Henry A. Barrios

Ex-NFL football player Lawrence Phillips during his arraignment in September.

A Kern County judge found there is enough evidence to hold ex-NFL player Lawrence Phillips for trial on a charge of first-degree murder with a special circumstance of lying in wait after prosecutors argued he strangled his sleeping, defenseless cellmate in April of last year.

Phillips, 40, faces the death penalty if a jury convicts him of the murder of Damion Dewayne Soward and finds the special circumstance to be true.

Deputy District Attorney Andi Bridges presented testimony at Tuesday’s preliminary hearing from a number of law enforcement officers, two of whom handled previous incidents where Phillips was alleged to have choked someone. In those cases, two women in incidents in 2000 and 2005 reported Phillips choked and threatened to kill them, the officers testified.

San Diego police Detective John Smith said the victim in the 2005 assault reported Phillips told her, “Do you want to die? I should just murder you.”

Bridges said Phillips’ prior assaults show a method to his attacks, and he learned from them.

“We have a man who has a fairly extensive history of strangulation,” she told Judge Michael E. Dellostritto.

Phillips, the prosecutor said, was tired of prison staff continually trying to place him with a cellmate. He had refused cellmates numerous times from 2005 to 2014, those refusals sometimes resulting in disciplinary action. 

When Kern Valley State Prison officers again tried to place him with a cellmate in April of last year, he finally agreed. Bridges said reports indicate Phillips shook Soward’s hand and even helped him move into his cell.

But Bridges said Phillips was concealing his true intention: He planned to kill Soward. She said a letter to his mother was later found in his cell in which he wrote he had a new cellmate and it wasn’t going to work out.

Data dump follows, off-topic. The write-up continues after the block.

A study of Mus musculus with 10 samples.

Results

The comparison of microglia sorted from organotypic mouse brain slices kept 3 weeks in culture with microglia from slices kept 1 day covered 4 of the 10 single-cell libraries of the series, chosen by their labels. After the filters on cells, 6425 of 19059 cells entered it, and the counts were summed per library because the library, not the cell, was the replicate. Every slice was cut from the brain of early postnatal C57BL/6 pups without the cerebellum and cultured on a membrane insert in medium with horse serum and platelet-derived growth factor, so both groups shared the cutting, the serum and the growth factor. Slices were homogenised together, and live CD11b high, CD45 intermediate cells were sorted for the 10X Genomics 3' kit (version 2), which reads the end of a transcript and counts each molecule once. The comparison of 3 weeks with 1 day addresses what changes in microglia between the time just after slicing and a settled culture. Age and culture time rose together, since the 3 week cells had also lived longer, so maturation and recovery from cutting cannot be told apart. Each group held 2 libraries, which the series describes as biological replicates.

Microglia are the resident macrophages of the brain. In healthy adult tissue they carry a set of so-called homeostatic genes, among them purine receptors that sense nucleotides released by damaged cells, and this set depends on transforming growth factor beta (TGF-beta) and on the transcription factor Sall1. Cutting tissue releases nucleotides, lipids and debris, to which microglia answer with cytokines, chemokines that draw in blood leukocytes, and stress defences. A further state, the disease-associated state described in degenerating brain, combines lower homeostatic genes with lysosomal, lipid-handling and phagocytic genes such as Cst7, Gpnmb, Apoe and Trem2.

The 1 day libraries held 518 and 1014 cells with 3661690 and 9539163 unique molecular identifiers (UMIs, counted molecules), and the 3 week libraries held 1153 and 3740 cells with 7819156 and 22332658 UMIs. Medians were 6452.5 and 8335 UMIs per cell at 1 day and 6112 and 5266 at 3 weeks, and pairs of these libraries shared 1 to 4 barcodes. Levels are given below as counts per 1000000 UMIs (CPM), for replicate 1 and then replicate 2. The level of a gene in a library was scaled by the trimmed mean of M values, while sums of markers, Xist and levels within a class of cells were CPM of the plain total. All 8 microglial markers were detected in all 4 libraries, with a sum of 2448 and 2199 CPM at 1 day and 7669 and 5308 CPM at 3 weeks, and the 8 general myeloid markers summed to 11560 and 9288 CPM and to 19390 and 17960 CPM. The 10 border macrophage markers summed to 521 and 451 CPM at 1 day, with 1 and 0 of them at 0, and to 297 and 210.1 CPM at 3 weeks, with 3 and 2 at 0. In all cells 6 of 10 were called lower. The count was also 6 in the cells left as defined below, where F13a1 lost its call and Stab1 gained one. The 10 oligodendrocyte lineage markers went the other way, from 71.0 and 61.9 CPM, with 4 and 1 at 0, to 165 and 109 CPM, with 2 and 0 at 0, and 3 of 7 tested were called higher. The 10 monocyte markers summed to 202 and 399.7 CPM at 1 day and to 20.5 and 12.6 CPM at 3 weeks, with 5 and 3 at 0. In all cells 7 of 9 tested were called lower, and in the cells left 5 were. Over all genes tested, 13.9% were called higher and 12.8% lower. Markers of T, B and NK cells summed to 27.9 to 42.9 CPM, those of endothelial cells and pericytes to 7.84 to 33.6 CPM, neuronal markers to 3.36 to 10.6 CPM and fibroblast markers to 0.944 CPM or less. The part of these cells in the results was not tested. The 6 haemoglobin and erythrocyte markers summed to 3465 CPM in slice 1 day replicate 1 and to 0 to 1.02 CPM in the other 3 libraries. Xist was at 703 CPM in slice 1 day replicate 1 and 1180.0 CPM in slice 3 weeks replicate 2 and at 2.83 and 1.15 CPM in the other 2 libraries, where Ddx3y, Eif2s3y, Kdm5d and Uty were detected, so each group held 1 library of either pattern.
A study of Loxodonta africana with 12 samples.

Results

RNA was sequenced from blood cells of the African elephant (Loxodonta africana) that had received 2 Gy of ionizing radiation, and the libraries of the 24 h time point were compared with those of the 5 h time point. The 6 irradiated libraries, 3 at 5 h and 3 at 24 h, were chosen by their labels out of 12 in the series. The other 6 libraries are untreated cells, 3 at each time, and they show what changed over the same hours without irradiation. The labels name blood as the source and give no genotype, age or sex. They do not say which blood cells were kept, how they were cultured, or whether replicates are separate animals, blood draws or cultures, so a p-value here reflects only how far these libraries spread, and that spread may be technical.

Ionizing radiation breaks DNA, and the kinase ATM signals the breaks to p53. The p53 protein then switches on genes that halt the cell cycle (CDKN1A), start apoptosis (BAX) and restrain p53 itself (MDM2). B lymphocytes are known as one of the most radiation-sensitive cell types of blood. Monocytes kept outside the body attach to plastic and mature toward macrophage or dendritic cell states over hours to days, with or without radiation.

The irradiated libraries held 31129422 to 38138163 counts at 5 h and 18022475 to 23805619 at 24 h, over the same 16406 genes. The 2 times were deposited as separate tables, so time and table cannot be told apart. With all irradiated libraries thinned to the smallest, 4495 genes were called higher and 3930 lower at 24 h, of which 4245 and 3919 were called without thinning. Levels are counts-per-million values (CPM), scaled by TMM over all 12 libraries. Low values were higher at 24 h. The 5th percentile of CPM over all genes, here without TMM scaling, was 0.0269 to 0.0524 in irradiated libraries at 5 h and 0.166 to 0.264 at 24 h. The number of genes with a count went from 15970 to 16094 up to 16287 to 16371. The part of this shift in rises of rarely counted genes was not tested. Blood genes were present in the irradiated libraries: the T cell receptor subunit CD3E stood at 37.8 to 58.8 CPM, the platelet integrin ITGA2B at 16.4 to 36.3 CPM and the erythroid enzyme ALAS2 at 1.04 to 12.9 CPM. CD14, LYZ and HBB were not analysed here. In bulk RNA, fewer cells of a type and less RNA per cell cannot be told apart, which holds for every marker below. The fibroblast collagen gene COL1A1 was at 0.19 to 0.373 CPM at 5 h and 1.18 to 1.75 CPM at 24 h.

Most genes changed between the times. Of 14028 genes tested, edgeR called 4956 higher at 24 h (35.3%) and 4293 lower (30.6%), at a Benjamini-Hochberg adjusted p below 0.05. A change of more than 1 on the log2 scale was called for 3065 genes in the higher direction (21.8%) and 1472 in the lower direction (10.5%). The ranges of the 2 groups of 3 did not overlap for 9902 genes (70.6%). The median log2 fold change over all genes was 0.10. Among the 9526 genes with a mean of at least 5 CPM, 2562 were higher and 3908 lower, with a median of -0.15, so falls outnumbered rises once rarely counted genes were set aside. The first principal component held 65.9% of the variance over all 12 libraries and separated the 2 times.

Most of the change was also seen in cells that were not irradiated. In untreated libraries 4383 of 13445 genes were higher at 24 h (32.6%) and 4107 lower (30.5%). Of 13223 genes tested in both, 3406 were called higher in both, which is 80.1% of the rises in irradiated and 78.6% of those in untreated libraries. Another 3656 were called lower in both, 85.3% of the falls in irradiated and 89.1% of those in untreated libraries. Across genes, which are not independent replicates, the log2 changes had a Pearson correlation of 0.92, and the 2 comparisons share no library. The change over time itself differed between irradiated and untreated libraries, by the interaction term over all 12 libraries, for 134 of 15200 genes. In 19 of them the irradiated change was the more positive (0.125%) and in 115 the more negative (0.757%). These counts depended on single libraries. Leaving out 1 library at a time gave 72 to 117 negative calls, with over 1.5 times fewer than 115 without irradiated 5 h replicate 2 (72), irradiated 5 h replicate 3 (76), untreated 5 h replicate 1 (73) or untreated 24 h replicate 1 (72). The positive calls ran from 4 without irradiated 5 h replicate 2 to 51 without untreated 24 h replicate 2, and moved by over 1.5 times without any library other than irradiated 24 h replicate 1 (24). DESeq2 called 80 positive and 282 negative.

“This nonsense is part of prison,” Bridges said Phillips wrote. “I may have to give them what they want.”

The letter indicates Phillips was fed up with being given a cellmate and was going to take action, the prosecutor said.

“(Phillips) was done playing this game with CDCR,” she said. 

Phillips waited until the early morning of April 11, when the 37-year-old Soward was asleep and no officers were around, and applied a bar-arm chokehold around Soward’s neck, Bridges said. Soward was unable to fight back or free himself.

Officers found Soward unresponsive on the cell floor. He died 40 hours later.

Phillips was charged with murder Aug. 31 in Soward’s death.

Jesse Whitten, Phillips’ attorney, said his client acted in self-defense in applying the chokehold, which he described as a hold commonly used to restrain someone. He said there is no evidence that shows Phillips was the aggressor.

A former first-round NFL draft pick, Phillips played for the St. Louis Rams, Miami Dolphins and San Francisco 49ers following stellar football play at Nebraska. He never lived up to his potential, and soon became known more for legal run-ins than athletic prowess.

Phillips is currently serving a sentence of 31 years and four months for separate convictions of running down three teens following a pickup football game in 2005, and choking his girlfriend.